Friday, February 3, 2023

Directional arrows, hand sanitizer, student cohorts likely for Lethbridge schools this fall

Local school officials are responding to the provincial government’s decision to have near normal classes this fall.

A number of health measures will be in place to prevent the transmission of COVID-19 like frequent cleaning of surfaces, sanitizer stations, and grouping students in cohorts.

Lethbridge School Division Superintendent, Cheryl Gilmore says there has been a lot of discussion on what things are going to look like come September. “Schools have been thoughtful about what that looks like in terms of student engagement and student activity in the classroom. Thoughtful about how classrooms will be structured, like having students facing a different way (not facing each other).”

Gilmore says the public district will be putting out another parent survey in early August in regards to things like bus transportation for students.


Gilmore also says there will likely be directional arrows in hallways (similar to what you see in grocery stores), markings on the floors for physical distancing, and a different nature when it comes to supervision where students will be kept at a distance where possible.

She also notes the public division will be looking at what does it mean for students to learn and understand and know about what their own safety protocols are. “So certainly we’ve been very vigilant in putting together a good program for students when they come back so they understand how they can take care of themselves when it comes to hand washing, hand sanitizing, social distancing, and where possible cohorting students (keeping students as much as possible in the same groupings).”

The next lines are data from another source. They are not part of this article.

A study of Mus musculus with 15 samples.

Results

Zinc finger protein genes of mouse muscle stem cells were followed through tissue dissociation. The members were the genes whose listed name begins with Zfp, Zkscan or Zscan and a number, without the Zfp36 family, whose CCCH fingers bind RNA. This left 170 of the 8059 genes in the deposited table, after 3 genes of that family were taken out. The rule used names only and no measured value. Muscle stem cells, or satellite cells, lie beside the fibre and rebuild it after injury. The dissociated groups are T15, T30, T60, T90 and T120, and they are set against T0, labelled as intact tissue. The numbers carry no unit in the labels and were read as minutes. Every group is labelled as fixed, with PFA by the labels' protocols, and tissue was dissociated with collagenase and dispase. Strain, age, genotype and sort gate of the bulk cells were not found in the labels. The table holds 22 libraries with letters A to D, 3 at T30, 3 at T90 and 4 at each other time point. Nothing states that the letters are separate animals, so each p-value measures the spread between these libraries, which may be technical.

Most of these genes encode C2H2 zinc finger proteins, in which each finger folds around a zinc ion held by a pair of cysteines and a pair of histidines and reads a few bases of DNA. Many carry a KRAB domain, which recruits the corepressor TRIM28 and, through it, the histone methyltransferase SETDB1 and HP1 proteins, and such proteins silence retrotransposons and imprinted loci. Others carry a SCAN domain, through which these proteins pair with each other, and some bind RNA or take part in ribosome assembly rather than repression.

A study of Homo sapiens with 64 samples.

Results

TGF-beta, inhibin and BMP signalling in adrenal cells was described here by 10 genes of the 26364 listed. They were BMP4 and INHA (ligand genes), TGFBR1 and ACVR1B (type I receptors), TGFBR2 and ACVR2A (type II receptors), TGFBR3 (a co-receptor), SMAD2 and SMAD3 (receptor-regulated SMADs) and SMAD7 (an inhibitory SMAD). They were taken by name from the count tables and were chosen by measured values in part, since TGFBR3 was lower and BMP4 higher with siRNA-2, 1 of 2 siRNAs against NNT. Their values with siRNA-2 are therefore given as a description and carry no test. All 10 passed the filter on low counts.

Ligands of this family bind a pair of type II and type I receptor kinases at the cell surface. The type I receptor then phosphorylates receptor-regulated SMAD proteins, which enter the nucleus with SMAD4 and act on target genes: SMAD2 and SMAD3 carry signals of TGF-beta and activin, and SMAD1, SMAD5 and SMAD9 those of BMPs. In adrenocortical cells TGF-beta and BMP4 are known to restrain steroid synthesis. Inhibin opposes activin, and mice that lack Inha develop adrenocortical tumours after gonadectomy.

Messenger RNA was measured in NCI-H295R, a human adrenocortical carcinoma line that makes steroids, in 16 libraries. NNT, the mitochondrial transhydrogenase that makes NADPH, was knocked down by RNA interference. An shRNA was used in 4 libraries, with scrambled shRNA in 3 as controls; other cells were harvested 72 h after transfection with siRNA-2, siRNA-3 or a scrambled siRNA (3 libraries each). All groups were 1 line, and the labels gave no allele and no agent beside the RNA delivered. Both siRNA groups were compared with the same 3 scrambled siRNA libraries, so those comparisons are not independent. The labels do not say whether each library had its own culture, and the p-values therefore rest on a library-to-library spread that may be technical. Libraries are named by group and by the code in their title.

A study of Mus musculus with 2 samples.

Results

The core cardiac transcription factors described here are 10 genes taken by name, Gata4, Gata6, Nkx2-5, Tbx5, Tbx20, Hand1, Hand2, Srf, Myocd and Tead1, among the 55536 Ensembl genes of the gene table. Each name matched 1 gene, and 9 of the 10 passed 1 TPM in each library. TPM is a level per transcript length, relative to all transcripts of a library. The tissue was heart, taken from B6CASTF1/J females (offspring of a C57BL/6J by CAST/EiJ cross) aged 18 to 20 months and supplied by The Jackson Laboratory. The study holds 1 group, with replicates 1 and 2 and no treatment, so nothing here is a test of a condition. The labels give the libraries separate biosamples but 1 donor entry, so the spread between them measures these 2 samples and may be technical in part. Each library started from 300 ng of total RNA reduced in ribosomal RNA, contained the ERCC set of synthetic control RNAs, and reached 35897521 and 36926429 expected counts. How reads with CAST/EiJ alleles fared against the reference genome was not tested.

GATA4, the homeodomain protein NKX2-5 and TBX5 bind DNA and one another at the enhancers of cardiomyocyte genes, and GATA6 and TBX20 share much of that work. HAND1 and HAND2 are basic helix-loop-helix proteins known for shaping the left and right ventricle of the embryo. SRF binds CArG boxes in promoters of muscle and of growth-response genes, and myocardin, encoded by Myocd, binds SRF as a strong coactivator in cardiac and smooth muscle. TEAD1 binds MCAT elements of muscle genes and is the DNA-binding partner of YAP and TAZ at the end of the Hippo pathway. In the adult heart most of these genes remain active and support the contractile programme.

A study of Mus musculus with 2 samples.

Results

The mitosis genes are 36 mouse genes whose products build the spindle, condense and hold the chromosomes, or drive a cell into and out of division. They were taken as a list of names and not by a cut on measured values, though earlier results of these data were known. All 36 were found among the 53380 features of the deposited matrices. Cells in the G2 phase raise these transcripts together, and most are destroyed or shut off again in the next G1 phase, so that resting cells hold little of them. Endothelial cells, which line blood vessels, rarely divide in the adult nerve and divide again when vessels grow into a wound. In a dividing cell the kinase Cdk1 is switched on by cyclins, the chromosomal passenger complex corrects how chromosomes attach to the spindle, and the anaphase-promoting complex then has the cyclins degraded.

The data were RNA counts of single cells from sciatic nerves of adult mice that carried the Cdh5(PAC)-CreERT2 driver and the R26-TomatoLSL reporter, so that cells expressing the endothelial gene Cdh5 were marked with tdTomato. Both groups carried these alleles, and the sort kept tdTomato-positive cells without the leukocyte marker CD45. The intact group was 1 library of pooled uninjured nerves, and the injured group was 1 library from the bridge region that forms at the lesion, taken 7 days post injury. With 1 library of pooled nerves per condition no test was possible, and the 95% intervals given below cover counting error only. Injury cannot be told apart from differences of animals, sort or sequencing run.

Gilmore also addressed challenges around physical distancing when it comes to younger kids, saying staff will be kept very much in the know when it comes to what protocols need to be followed. She says you can’t guarantee 100% student compliance with everything. “I think schools will have a lot of structures in place to make sure all these things happen, and happen well.”

She notes the provincial protocols suggest the only adults that enter the building (schools) are of necessity. “If a parent has an appointment or has an important reason to be in the school. So we won’t see what we often see in schools where parents come in to the school to pick their children up. Our schools will have plans in place for parents picking their children up and dropping them off outside the schools.”

The reason for that is every parents who enter would have to go through the COVID-19 screening protocols. “The priority is keep our staff and children safe.”